Destinations Magazine

6 Tips for Coping with Loneliness When Living Abroad

By Monkeys And Mountains Adventure @Laurel_Robbins

Coping with loneliness can be one of the biggest challenges when living abroad.  On average I get one email a week from an expat who is struggling with loneliness and asking if I can offer any advice.  Having lived abroad four times – first in S. Korea, then in Thailand (2 different cities), U.S.A. and now Germany (2 different cities) I have found a few different things that have worked well for me.

loneliness when living abroad

Joining a group or club may give you a different outlook on life.

1.  Join a Group/Club/Team
I’m a big fan of groups and clubs since they bring people together with common interests.  In Bangkok I belonged to a ruby team, even though I had never played before.   In S. Korea I joined a local gym.  In Munich I belong to two hiking clubs, a book club and a badminton group.    Being an active member of a group is a great way to not only meet people, but to see the same people on a regular basis, increasing your chance of developing meaning friendships when living abroad.

What if there is no group/club/team I’m interested in?
Create one through or Facebook Groups.  It just takes a few minutes and is free to do.  You can create a group for whatever you’re interested in ranging from cultural events to sporting events to just meeting for coffee.  Chances are if you feel there is no group that meets your interests in your area you are not the only one.

Alternatively, you can join an online group, although I do think it’s better to connect with people in your area if possible.  There are online book clubs and groups for almost every activity under the sun.  I’m a member of a couple of travel blogging groups and the fellow travel bloggers I have “met” through these groups have provided with me with a sense of connection, which has been especially helpful on days when I’m feeling particularly lonely.

2.  Connect with Other Expats Through Blogs
There’s no shortage of expat blogs out there and by reading through a few blog posts it should become fairly clear to you whether you have anything in common with that person.  If you find that you relate to the blogger it may be worth contacting them to see if they’re interested in meeting up.  I met my best friend in Munich this way and was grateful for her email.

3.  Make the First Move
Having lived in Calgary for the last 9 years I had gotten lazy without realizing it when it came to making friends as I had an established circle of friends.  After moving to Stuttgart when it soon became apparent that the invitations were not exactly rolling in, (i.e. nonexistent) I knew that I would have to make the first move, which was out of my comfort zone. I initiated a once a week lunch after German class with my fellow classmates, which was a nice opportunity to get to know them better.  I started extending invitations to people I had met through various events and before long was organizing day trips to explore the area with a couple of girls, who became close friends in the process.  I held a Christmas party that ended up having people from 6 different nationalities.  In Munich, whenever I find an interesting event I invite someone to attend with me.  It doesn’t always work out and it’s a flashback to dating.  Rejection sucks – even if it’s a potential friend rejection.  But like dating, making new friends is a numbers game. The more invites you give out, the more that are likely to be accepted and the more you’re likely to receive in return.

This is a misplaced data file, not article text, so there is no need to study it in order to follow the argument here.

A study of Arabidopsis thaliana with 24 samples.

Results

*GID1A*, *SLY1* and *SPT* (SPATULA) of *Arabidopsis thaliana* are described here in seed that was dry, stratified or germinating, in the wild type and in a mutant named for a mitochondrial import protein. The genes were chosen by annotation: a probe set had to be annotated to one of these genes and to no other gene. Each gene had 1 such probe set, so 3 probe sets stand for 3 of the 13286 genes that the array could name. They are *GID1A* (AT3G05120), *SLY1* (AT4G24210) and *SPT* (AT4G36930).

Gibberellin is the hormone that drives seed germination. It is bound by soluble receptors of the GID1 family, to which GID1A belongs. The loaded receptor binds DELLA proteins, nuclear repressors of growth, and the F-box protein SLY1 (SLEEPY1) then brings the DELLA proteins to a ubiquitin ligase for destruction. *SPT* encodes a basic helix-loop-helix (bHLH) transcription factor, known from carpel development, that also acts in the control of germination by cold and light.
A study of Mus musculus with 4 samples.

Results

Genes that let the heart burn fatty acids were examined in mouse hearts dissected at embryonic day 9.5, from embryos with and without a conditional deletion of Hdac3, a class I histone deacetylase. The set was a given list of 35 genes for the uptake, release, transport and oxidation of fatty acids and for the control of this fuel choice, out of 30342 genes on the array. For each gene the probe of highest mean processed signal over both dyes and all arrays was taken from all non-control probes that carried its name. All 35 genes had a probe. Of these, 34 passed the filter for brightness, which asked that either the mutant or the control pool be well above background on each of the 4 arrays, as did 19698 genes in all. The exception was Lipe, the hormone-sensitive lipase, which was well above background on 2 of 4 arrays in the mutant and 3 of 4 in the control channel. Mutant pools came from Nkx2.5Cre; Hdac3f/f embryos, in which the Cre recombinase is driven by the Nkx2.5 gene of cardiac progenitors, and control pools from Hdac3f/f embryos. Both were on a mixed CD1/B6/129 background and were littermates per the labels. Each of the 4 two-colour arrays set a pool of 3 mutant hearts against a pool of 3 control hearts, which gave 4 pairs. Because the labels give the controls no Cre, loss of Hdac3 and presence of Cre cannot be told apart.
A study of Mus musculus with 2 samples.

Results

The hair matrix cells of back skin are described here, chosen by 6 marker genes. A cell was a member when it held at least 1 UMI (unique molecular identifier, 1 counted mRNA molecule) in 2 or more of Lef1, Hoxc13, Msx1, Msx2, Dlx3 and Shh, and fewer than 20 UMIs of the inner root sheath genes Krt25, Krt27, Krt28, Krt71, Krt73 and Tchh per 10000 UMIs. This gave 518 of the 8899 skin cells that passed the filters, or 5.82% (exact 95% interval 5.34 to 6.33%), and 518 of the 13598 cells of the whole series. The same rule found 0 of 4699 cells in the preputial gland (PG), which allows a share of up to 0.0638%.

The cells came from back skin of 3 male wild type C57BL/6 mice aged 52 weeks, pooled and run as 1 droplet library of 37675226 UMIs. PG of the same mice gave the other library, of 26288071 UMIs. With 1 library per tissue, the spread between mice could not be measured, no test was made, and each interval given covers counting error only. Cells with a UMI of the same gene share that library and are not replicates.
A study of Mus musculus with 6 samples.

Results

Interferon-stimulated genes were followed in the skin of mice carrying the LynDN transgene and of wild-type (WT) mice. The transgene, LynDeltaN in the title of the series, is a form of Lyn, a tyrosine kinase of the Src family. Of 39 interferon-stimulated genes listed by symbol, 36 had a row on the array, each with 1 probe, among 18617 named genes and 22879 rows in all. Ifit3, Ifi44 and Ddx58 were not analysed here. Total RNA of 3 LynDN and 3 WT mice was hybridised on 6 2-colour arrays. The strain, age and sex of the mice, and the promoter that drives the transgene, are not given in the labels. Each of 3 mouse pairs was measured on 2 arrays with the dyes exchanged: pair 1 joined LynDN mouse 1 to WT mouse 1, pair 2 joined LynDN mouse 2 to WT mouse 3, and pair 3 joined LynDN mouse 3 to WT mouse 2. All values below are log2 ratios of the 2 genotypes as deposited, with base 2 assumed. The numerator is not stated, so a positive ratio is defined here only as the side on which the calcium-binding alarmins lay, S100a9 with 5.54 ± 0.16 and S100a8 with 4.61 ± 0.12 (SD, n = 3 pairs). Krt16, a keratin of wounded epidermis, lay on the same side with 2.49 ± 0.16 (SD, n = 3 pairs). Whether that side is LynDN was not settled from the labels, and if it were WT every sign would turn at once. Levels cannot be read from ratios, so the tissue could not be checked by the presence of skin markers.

4.  Take a Class
Language classes are good for meeting other expats, not to mention incredibly useful for trying to learn a language, while exercise  classes are good for meeting locals.  I do both.  It’s important to me that I have both expat and German friends.    Don’t let the language scare you off of an exercise class.  I’ve done a variety of exercise classes in German and while I haven’t understood every word, a lot of the communication is visual – do what the instructor is doing.  I’ve also found  my fellow classmates to be extremely helpful once they realize I don’t understand everything.  Next up is a cooking class in German!  Yikes – stay tuned!

5. Set Goals for Yourself
I find that setting goals for myself is incredibly helpful when living abroad.  Some of my goals have included things like:  invite one new person a week to something (make the first move), sign up for a yoga class (in German), sign up for 1 expat event a week.  It sounds silly, but by setting goals for yourself it’s a good check to see how proactive you’re being to absolve your loneliness.  I’ve found when I’m feeling really lonely that I often haven’t done anything about it recently, so this is a good kick in the pants.

6.  Don’t Call Home Too Often
This might seem like strange advice, but I’ve observed that expats who spend a couple of hours a day talking with people from home are lonelier than people who spend less time connecting with people from home.  Don’t get me wrong, I think it’s extremely important to maintain those connections from home, but if you’re spending 2 hours a day doing it, then you’re not out meeting new people and making a life for yourself in your new country.  It’s a fine balance.

What are your tips for coping with loneliness when living abroad?